Friday, April 18, 2008

Of Food Riots and Starvation

As I write this blog, I am sitting in a nice, simple suburban home near Chicago. I have not yet eaten breakfast, but the possibilities are laid out on the kitchen counter, cereal, oatmeal, toast, granola bars, fruit. Basic, but plentiful.

Multiple restaurants are nearby, fast food, pizza, American, Chinese, and I have enough money, I could eat at any one of them for lunch. I could probably even pay for you to join me!

The grocery stores shelves are full, and on par with American prices, an average serving of fresh fruit or vegetable is less than twenty five cents.

I probably won't eat the American average of 200 pounds of meat this year, but mostly because I don't want to, not because I can't.

So as I look at the newspaper for the first time since I left Nicaragua, I am amazed to find this article 'Across Globe, Empty Bellies Bring Rising Anger' on the front page.

I had heard rumors of food riots from the people I've been with over the last week, one from a friend who is in the process of adopting a little girl from Haiti, and another from a friend who is extensively involved in fundraising work for Haiti's neighbor, the Dominican Republic.

But the reason this article brought it home is because you need to realize this is affecting everyone. This isn't just a few countries.

Since last October, the price of beans in Nicaragua has risen above that of meat. Some would say then to simply buy meat, but the reason Nicaraguans didn't do that in the first place is because they can't afford to. They simply don't have the money.

At NPH we have the fortune of being supported by incredible people, so while we've changed our diet, there are new kinds of beans and different recipes are being stretched, we are not, nor are our children suffering from malnutrition.

But what happens to a country that goes hungry is bad for everyone. Economies are dragged down, governments are overthrown, education becomes an unattainable luxury in the daily struggle to survive.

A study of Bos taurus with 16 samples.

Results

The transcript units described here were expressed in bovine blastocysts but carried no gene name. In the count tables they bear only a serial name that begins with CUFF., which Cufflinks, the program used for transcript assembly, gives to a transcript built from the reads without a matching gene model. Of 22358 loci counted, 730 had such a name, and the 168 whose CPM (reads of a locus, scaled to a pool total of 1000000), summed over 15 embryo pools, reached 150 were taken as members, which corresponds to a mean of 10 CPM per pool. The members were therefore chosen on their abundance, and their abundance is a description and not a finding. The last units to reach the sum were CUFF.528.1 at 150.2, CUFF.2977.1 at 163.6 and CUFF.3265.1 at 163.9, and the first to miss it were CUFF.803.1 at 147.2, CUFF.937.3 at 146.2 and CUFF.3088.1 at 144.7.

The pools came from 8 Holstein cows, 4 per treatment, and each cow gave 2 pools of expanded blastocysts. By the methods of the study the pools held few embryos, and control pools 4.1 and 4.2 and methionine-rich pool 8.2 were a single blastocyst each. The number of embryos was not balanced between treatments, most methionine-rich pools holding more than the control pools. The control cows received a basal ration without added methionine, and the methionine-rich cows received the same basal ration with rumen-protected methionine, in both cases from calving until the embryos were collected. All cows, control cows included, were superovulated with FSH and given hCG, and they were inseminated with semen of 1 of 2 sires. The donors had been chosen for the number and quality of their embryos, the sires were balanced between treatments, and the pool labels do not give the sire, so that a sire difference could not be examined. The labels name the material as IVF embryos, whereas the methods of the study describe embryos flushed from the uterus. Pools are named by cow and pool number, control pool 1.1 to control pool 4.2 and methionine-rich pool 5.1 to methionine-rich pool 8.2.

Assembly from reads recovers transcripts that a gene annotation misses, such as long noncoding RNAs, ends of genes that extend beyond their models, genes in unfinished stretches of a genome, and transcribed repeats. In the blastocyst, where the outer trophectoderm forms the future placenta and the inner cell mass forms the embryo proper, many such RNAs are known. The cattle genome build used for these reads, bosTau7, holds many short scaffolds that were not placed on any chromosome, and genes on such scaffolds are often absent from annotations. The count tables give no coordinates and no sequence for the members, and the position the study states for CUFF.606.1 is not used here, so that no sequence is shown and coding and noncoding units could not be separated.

And while I have a secret dream that Americans would help others out of the goodness of their heart and desire to live what they proclaim is a christian life, I would like to point out that if nothing else, Americans need to remember that our destiny is tied to our neighbors. As Mexico, the Caribbean, Central America go up and down, reach stability or overthrow governments, this affects us greatly.

So if you want to, please contribute to one of the many organizations that help feed the hungry in our world like Heifer International or Oxfam.

But no matter what, before you put that bite of food, please be grateful for the incredible gift of privilege you are being given in that small package.


Anonymous said...

This is very intriguing, and how very right you are. Every once in awhile I will remember just how fortunate and priviledged I am in my life, even in the seemingly worst of times. It is never often enough that we realize just how many people (and animals too) around us have it far worse than we do, and struggle in ways that we cannot even begin to fathom. I commend the work that you have done, and the superb documentation of the progress made. You should be very proud, it's amazing stuff, and inspiring to read about! On a side note, welcome back to the states! I can imagine how the transition back, whether or not it is to be a brief one, must be further accentuated by your extended experience abroad... your mind must be swimming with all sorts of things! -Matt

Nic said...

Thanks Matt, there was a quote repeated many times during our time there as we struggled with the extremely different lives we had chosen and what they meant. "What I can do, you cannot. What you can do, I cannot. But together we can do something beautiful for God." attributed to Mother Teresa.